More than 1 in 3 U.S. adults has obesity. Yet it is a relatively recent problem. The obesity rate only started skyrocketing in about 1979. Let's put that into perspective. If the 200,000-year history of Modern Man was the equivalent of one complete calendar year, with January 1 marking the emergence of Man, the U.S. obesity epidemic doesn't begin until roughly 10:23 p.m. on December 31.

How did we get so fat, so fast?

Anything that causes obesity is obesogenic. While researchers have rightly pointed to our increasingly obesogenic physical environment (e.g., the ubiquity of processed foods, etc.), what about our chemical environment? Could the chemicals around us be partly to blame for our expanding waistlines?

The chemical environment theory
Here's the theory: Hunger, satiety, and body fat are, at least in part, all regulated by hormones. Many chemicals that are virtually omnipresent in our environment today, were nonexistent 100 years ago. Some of these chemicals (endocrine disrupters) have been shown to impact normal hormonal functioning. Therefore, it stands to reason that chronic exposure to these chemicals could, either directly or indirectly, impact body weight. Recent research has increasingly found endocrine disrupters such as phthalates and bisphenol-A (BPA) to be obesogenic.

Phthalates are man-made chemicals designed to make plastics more flexible and are found in everyday products including cosmetics, fragrances, hand soap, shower curtains, and vinyl flooring.

Common phthalates include:

  • BBP (benzyl butyl phthalate)
  • DIDP (diisodecyl phthalate)
  • DINP (diisononyl phthalate)
  • DBP (dibutyl phthalate)
  • DNOP (di-n-octyl phthalate)
  • BBzP (benzyl butyl phthalate)
  • DEHP (di 2-ethylhexl phthalate)

People get exposed to phthalates and BPA in many ways (e.g., through the skin, ingestion, and inhalation, etc.). Endocrine disruptors aren't necessarily all bad, for all people, all the time (e.g., soy). However, chronic exposure to phthalates does have negative effects. In fact, California has banned the use of phthalates in toys.

The case against phthalates and BPA
While "correlation doesn't equal causation," the evidence against phthalates and BPA is mounting, and concerning.

A study published in Environmental Health Perspectives last month found that the more fast food you eat, the greater your blood levels of certain phthalates and BPA (potentially from indirect exposure from the food wrappers), so it may not just be the calories from fast food that's making us fat.

High levels of phthalates in the body are associated with Type II diabetes and abdominal obesity, particularly in men. In mice, exposure to certain phthalates promotes body fat, and exposure to BPA promotes the creation of new fat cells and makes it harder to lose fat. Chronic exposure to these endocrine disrupters may even trigger human genetic changes in utero ("epigenetics").

The bottom line
Body weight is complex and multi-determined. Diet, portion sizes, processed foods, and a sedentary lifestyle are all clearly implicated in the obesity epidemic, but there's mounting evidence that chronic exposure to certain chemicals may also play a role.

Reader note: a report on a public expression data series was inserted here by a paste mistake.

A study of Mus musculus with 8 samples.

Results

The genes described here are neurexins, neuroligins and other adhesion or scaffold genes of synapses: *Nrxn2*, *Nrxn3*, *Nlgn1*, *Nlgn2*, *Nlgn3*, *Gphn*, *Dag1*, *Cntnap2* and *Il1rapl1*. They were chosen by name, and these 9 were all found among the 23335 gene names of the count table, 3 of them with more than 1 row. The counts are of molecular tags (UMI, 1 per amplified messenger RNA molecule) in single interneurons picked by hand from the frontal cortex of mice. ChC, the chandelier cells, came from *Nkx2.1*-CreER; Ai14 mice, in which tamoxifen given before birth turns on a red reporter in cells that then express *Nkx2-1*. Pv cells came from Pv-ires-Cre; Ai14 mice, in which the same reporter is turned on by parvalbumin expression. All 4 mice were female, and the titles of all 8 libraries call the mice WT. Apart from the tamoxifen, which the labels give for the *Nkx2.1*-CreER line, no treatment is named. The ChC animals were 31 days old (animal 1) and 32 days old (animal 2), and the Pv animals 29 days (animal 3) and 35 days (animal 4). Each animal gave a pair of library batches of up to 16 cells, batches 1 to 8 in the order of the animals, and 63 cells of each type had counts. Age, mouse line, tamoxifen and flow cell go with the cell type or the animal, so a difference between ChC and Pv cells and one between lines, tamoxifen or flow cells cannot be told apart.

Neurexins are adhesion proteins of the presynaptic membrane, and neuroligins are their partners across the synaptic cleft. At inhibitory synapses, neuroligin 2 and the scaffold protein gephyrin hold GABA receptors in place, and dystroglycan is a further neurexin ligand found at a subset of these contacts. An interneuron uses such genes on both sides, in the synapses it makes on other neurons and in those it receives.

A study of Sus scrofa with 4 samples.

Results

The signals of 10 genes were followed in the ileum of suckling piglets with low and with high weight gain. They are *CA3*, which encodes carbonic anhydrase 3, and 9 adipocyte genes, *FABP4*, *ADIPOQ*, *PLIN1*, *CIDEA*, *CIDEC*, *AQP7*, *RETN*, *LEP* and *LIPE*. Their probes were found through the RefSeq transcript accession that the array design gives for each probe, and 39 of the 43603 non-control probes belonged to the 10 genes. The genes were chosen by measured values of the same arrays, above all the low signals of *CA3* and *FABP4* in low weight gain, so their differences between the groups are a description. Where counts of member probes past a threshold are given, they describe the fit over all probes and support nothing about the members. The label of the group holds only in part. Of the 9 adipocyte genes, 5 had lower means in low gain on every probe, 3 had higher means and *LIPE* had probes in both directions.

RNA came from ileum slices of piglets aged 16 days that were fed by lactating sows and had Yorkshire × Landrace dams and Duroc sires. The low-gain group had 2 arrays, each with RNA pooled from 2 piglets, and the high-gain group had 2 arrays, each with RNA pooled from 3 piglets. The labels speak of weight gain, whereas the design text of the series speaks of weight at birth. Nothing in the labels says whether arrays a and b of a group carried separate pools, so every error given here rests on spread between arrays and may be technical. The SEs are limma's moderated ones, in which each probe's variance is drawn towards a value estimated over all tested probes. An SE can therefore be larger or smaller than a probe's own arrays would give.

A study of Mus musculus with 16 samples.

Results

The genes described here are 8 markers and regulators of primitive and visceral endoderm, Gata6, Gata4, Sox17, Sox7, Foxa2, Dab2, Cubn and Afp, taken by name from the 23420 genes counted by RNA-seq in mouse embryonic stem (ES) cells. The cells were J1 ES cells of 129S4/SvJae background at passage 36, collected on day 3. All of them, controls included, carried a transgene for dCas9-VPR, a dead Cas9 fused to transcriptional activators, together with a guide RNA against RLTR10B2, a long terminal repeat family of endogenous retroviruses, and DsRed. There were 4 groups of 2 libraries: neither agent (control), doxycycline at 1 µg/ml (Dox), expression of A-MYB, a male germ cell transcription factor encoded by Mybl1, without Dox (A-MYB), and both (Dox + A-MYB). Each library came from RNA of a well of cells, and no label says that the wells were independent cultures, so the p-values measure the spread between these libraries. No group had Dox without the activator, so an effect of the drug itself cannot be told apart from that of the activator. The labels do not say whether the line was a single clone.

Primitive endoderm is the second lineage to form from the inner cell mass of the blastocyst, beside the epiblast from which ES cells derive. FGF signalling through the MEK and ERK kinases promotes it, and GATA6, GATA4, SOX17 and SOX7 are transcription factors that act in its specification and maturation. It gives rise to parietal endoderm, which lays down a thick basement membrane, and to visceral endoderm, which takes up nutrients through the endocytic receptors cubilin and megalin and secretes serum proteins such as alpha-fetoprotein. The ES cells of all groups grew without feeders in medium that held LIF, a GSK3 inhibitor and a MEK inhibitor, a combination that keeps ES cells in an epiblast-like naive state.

To date, no study has experimentally tested whether reducing exposure to phthalates and BPA leads to weight loss or improved health — the science isn't there yet. That said, there's certainly no evidence that chronic exposure to these chemicals has any health benefit whatsoever. Let common sense prevail. Consider limiting your exposure, especially if you are of childbearing age.

Easy and inexpensive lifestyle changes to reduce your exposure

  1. Ditch the plastic containers. For storing and microwaving leftovers, consider using glass containers instead. Trade in any hard-plastic personal water bottles containing BPA, for ones made of metal or glass, as BPA may slowly "leach" over time. (Plastics with BPA will have a "7" recycling code on the bottom.)
  2. Ditch the BPA-lined cans. Even a single exposure to BPA (drinking soymilk from a BPA-coated can) has been shown to raise blood pressure. Trader Joe's and Eden Organics are good sources of BPA-free canned goods.
  3. Ditch the non-stick pans. Non-stick pans commonly contain polyfluoroalkyl chemicals. A growing body of research suggests that we are accumulating these chemicals in our bodies (98 percent of the population has detectable levels of polyfluoroalkyl chemicals in their blood). Children with greater in-utero exposure to these chemicals (through their mothers' blood supply) had more body fat by the age of eight. Safer alternative: stick with pans that stick.
  4. Limit fast food. Cut the calories, cut the chemicals.
  5. There's an app for that. Free smartphone apps let you scan product barcodes for information on tens of thousands of personal care products. Knowledge is power. Check out apps by Think Dirty© and Environmental Working Group (EWG), including Food Scores for packaged foods.

Stacey C. Cahn, PhDis associate professor of clinical psychology at the Philadelphia College of Osteopathic Medicine (PCOM). Dr. Cahn specializes in obesity, weight stigma, eating disorders, and cognitive-behavioral therapy. 

Michael P. McGuinness, PhD is professor of anatomy at Philadelphia College of Osteopathic Medicine (PCOM). Dr. McGuinness conducts research on phytoestrogens and their role in inflammation.